Lead is a heavy metal found in mineral deposits around the world. It has been widely used in many industries including ammunition and fishing tackle. Lead has no biological function and is toxic to all animals.
All animals are susceptible to lead toxicosis, although the effects are most often seen in birds, especially loons and swans, condors, vultures, and eagles. Other bird species, including crows, robins, mourning doves, upland game birds, and domestic poultry, have also been seen with lead toxicosis.
Clinical signs of lead toxicosis in birds include incoordination, weakness, drooped wings, anorexia, reduced activity, and green watery diarrhea. Toxic effects may cause birds to be more vulnerable to predation, trauma, and other diseases. Birds may become emaciated and die within 2-4 weeks of ingesting lead.
The most common route of exposure to lead for birds is through ingestion of spent lead ammunition fragments and fishing tackle.
In live birds, diagnosis of lead toxicosis is made by assessing clinical signs and measuring lead levels in blood. In dead birds, lead levels in liver and kidney can be measured. Radiographs can be used to detect lead fragments in the gastrointestinal tract or tissues of affected animals.
Lead toxicosis can be treated with lead chelating agents and supportive care, although many birds are too severely affected for treatment to be successful. Removal of lead particles in the gastrointestinal tract or tissues of wild species is necessary to prevent continued exposure
State wildlife agencies, including NYSDEC, and conservation groups encourage the use of non-lead ammunition and fishing tackle to reduce lead exposure for wildlife. Because lead ammunition fragments upon impact, lead particles can be found in meat processed from hunter-killed animals posing a risk to people eating those meats.
The toxic effects of lead have been known for thousands of years. Regulations prohibiting the use of lead in paint, plumbing, and gasoline have acted to reduce the risk of lead toxicosis in humans. However, lead continues to be used in ammunition and fishing tackle leading to lead toxicosis in wildlife, especially bird species.
The incidence of lead toxicosis in bird species is related to their diet and digestive anatomy and physiology. Waterfowl have very muscular gizzards for grinding plants in their diet and ingest small rocks to facilitate this grinding. Any lead that is ingested is also subject to grinding, leading to its absorption in the gastrointestinal tract and bloodstream.
Although raptors have less muscular gizzards because of their meat diets, they have highly acidic stomach fluids. Ingested food and lead particles spend more time in the stomach than in other birds. Both of these features favor increased digestion and absorption of any ingested lead compared to other species of birds.
Mammals, such as bears, coyotes, and raccoons, that scavenge gut piles of game animals killed with lead ammunition are at risk of lead toxicosis. Domestic ruminants have been seen with lead toxicosis after ingesting lead batteries.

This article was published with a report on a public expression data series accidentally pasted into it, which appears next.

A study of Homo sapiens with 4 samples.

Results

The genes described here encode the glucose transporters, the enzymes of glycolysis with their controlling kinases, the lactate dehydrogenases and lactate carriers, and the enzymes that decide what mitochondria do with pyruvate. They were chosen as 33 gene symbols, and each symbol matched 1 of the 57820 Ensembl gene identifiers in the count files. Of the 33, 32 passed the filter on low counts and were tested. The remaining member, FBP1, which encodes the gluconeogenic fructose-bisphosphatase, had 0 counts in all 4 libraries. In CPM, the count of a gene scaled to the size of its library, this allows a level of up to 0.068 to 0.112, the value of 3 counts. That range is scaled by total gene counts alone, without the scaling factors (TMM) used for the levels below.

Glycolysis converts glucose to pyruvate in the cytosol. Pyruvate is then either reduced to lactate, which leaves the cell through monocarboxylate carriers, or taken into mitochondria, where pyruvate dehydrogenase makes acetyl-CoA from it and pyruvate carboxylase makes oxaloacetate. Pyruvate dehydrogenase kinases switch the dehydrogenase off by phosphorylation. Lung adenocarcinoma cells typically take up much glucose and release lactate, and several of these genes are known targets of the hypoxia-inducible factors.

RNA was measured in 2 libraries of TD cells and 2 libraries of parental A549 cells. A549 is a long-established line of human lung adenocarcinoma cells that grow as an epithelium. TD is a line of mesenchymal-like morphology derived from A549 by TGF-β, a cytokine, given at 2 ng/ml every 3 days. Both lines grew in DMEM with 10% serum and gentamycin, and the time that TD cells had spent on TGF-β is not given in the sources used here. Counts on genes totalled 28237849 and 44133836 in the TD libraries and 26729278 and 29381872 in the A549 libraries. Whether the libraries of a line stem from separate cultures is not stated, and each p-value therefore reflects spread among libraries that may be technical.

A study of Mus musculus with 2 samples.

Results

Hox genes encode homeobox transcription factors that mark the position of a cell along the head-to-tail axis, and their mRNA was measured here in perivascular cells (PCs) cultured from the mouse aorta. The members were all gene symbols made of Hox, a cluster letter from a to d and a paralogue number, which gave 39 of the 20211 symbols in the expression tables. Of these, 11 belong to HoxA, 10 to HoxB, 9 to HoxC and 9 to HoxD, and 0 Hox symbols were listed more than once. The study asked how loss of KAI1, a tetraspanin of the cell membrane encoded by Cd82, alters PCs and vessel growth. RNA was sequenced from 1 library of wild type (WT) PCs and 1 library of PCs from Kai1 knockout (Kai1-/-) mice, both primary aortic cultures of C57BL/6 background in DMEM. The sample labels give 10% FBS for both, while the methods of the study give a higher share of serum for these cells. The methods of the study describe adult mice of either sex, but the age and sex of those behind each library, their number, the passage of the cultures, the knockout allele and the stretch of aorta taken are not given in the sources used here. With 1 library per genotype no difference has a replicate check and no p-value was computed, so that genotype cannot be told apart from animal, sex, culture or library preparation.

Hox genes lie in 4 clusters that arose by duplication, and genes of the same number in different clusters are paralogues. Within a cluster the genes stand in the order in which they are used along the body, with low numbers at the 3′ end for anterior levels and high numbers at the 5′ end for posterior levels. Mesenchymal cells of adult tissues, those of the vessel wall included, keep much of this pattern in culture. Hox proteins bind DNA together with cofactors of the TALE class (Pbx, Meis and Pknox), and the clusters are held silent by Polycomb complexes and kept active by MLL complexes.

Lead can be taken up by animals through ingestion, inhalation, or skin absorption.
Common loons have been severely affected by lead toxicosis related to ingestion of lead fishing tackle. Loons strike at fish or tackle as they are being reeled in. The birds may also prey upon fish that have ingested fishing tackle and are impeded by trailing lines. Lost tackle may be ingested as grit or mistaken as a prey item.
Scavenging raptors, such as California condors and eagles, may ingest spent lead ammunition fragments in carcasses or offal piles.
Lead accumulates in the environment and is taken up by plants. For decades, mining waste containing lead was discharged into the Coeur d’Alene river system in Idaho. As a result, tundra swans have been severely affected by lead toxicosis as they burrow into the contaminated mud to feed on roots and tubers.
Lead competes with calcium in the body and inhibits enzymes leading to toxic effects in all body systems. Competition of calcium by lead results in neurologic and reproductive effects. Inhibition of the enzyme used in the synthesis of hemoglobin causes anemia in affected animals.
Although there are no safe levels of lead in blood and tissues, suggested diagnostic guidelines for lead concentrations in tissues and blood are typically published by testing laboratories.
Chelation therapy is used to remove lead from the body. A chelating agent, such as EDTA, binds to lead in the body and both are excreted in urine.
The waterfowl lead shot ban in 1991 effectively reduced lead exposure in waterfowl in the US although the use of lead in fishing tackle continues to put waterfowl, especially loons, at risk of lead toxicosis. In addition, spent lead shot still remains in the environment and may be ingested by waterfowl, wading birds, and upland game birds.
Some states, including New York, ban the use of some lead fishing tackle based on size and weight.
Lead ammunition is commonly used for deer hunting and other activities. Solid copper bullets are an alternative, non-toxic ammunition for hunters. If lead ammunition is used, proper disposal of gut piles when field-dressing carcasses is important to limit access by scavenging animals. Covering, burying, or removing gut piles is recommended. Covering offal with snow is not effective, because the gut pile will be exposed as the snow melts.
Each year in the US, 10-20 million animals die from lead toxicosis. In addition to these individual deaths, lead has negatively affected populations of birds, most notably California condors, bald eagles, and common loons. These birds are long-lived with longer times to sexual maturity making them particularly susceptible to the population effects associated with the loss of breeding adults due to lead toxicosis.